Today: Wednesday 14th March

Twenty-two children from Belgium have been killed in a coach crash in Switzerland. Animal rights activists have been accused of disrupting scientific research in Britain, by successfully campaigning for ferry companies to stop transporting laboratory animals into the country. And also on the programme, how the e-book is fuelling a boom in erotic fiction.

We are no longer providing clips of every part of the programme but you will be able to listen via the BBC iPlayer .

Business news with Simon Jack on Treasury plans to issue a 100-year bond to borrow money at very low interest rates.


The British Heart Foundation is warning of the dangers of smoking shisha pipes as new data reveals a dramatic rise in the number of shisha bars across the UK. The British Heart Foundation's Betty McBride outlines their concerns.


A police spokesperson at the scene of a coach crash in Switzerland has confirmed that 28 people died in the incident,

including 22 children under the age of 12. Marcus Rieder explained that the accident happened at 9pm local time and altogether there were 52 passengers on the coach. The vehicle hit a wall in a motorway tunnel near the south-western town of Sierre as the group was returning to Belgium from a skiing holiday.


Scientists are warning that a new campaign by animal rights activists, aimed at the companies involved in the transport of laboratory animals, threatens to undermine research into new cures and treatments for disease. Lord Drayson, former science minister who set up the Office for Life Sciences, and Professor Robin Lovell-Badge, geneticist at the National Institute for Medical Research, discuss the implications.

There is a network of food banks in this country so that If people are in real need they can be referred to them by local authorities or charities and get emergency food parcels. The Today programme's Nicola Stanbridge reports on how, in the past year, the number of handouts has almost doubled to a total of more than 100,000.

Business news with Simon Jack.

As the latest unemployment figures are revealed, the Chartered Institute of Personnel and Development (CIPD) estimates between £87bn and £135bn is the cost in lost GDP. Dr John Philpott, chief economic adviser at the CIPD, crunches the numbers.

Sports news with Garry Richardson.


The government will formally launch measures designed to speed up the process of adoption in England today including proposing scorecards for local authorities. Councillor David Simmonds, chair of the Local Government Association, examines if this is the right way to go while Children's Minister Tim Laughton responds.

Paper review.

Iran's parliament has begun the questioning of President Mahmoud Ahmadinejad over his handling of the economy. The BBC's James Reynolds has the details.

Thought for the day with Akhandadhi Das, a Vaishnav Hindu teacher and theologian.


A report by Amnesty International says torture in Syria has risen to nightmarish levels and those responsible must be punished. Neil Sammonds, Amnesty International's researcher on Syria and author of the report, and Ammar Waqqaf, member of the Syrian Social Club, discuss the unstable situation in the country.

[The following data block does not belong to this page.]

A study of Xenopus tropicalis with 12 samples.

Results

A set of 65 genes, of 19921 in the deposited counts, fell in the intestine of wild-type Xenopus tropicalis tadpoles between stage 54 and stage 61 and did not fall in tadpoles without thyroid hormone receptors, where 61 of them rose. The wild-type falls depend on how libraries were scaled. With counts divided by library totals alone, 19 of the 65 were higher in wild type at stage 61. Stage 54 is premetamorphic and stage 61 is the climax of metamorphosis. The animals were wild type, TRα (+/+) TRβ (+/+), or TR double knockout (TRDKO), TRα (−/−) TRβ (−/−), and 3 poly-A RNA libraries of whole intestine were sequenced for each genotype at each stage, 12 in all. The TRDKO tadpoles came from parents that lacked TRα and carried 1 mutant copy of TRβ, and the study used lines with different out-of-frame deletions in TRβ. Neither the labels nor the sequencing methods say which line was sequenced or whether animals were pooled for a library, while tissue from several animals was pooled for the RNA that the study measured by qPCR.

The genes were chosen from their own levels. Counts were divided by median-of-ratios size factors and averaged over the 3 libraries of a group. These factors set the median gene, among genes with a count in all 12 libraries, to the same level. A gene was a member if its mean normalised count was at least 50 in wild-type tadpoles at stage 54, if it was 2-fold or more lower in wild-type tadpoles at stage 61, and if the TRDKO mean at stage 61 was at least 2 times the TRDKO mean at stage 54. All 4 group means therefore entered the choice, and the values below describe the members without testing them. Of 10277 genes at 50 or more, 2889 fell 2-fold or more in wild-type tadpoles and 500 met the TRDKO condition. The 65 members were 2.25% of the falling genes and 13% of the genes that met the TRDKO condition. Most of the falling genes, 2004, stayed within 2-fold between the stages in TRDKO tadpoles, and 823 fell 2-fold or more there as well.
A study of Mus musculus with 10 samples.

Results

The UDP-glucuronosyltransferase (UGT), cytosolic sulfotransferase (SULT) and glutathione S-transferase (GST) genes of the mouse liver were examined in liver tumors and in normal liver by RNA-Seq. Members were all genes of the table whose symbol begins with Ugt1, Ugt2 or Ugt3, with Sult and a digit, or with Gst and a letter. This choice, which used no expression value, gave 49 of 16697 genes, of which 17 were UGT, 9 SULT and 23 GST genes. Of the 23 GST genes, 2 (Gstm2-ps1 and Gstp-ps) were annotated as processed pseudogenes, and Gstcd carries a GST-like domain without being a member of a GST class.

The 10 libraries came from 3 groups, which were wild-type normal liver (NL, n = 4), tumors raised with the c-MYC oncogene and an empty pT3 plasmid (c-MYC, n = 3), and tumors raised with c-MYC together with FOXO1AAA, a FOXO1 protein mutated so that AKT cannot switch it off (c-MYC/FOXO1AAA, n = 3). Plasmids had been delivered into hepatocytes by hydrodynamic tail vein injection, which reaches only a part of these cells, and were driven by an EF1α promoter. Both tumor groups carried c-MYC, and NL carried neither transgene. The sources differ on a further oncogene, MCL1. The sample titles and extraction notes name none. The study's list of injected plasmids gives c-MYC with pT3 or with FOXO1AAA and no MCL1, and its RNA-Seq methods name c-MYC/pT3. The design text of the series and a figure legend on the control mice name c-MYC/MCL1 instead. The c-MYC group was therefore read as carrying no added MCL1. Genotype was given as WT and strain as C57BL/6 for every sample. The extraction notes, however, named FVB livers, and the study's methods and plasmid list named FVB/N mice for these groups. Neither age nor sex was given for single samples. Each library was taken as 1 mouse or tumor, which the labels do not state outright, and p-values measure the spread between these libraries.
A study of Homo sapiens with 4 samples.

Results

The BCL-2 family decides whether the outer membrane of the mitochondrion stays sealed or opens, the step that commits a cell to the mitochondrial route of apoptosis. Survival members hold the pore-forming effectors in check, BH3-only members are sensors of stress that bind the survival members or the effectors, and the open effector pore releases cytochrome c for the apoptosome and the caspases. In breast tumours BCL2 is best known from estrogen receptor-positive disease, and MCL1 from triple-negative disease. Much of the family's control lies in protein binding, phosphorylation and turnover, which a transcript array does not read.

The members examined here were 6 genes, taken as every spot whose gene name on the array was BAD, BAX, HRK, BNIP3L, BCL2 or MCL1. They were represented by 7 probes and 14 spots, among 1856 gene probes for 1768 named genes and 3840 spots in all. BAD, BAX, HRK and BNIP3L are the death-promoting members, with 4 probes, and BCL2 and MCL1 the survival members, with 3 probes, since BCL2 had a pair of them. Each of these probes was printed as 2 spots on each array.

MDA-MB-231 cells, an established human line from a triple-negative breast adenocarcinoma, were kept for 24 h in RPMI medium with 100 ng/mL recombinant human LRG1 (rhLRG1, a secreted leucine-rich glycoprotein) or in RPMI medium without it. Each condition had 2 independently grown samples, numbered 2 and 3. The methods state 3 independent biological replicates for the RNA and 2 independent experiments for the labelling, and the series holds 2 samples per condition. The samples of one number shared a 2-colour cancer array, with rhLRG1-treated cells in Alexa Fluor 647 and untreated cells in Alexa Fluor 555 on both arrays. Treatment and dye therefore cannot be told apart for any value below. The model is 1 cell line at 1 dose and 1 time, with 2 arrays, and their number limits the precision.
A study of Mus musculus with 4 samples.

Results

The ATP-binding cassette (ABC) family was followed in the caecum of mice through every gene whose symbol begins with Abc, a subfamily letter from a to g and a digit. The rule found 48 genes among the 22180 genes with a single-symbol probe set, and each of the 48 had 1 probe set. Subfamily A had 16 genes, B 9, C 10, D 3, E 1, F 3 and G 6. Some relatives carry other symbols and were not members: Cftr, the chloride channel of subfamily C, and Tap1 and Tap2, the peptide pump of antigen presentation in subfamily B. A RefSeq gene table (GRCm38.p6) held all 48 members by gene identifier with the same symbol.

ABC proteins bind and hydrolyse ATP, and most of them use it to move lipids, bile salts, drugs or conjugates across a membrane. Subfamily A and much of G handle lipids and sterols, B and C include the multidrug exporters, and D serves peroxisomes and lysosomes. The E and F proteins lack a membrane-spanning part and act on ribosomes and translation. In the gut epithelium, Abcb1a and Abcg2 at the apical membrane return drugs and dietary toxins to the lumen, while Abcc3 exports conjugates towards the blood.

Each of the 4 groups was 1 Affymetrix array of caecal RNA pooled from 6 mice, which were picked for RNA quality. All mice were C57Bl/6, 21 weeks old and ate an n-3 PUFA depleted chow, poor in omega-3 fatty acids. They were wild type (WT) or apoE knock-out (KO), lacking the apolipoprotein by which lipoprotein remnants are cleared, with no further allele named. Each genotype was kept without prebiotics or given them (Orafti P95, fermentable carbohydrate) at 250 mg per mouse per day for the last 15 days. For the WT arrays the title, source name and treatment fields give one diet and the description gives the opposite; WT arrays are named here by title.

Animal rights extremists have been accused of disrupting imports of animals for researchers studying conditions such as cancer and Alzheimer's. Tom Feilden reports on how companies that have transported animals into Britain for use in scientific experiments have been pulling out of the trade after approaches from activists. And Science Minister David Willetts gives the government's response.

The Treasury is considering issuing a new long-term bond that would allow the UK to borrow money at very low interest rates and pay billions of pounds less in debt interest in the future. Read Robert Peston's blog here.


A British author is topping the US bestsellers e-book lists and is now the focus of a bidding war over film rights for her debut erotic novel. Rowan Pelling, former editor of Erotic Review and Telegraph Review, and Tom Tivnan, features editor for The Bookseller, discuss what this says about the rise in popularity of e-books.

Sports news with Garry Richardson.


Speaking at the Annual National People's Congress (NPC), of the Chinese parliament, the Chinese premier, Wen Jiabao, has called for further political reform saying it is urgently required to protect China's economic gains. Liu Xiaoming, China's ambassador to the United Kingdom, reflects on what this means.

Twenty eight people, many of them 12 year-old children on a school trip from Belgium, have been killed in a bus crash in a Swiss tunnel. The BBC's Imogen Foulkes reports on the police investigation while Jan Luykx, the Belgian ambassador to Switzerland gives his reaction.

Business news with Simon Jack.

President Obama took David Cameron to a basketball game as part of the prime minister's official visit to the US. Catherine Mayer, Europe editor of Time Magazine, and George Walden, former diplomat and ex-Conservative MP, discuss the message world leaders seek to convey with their choice of downtime activities during official visits.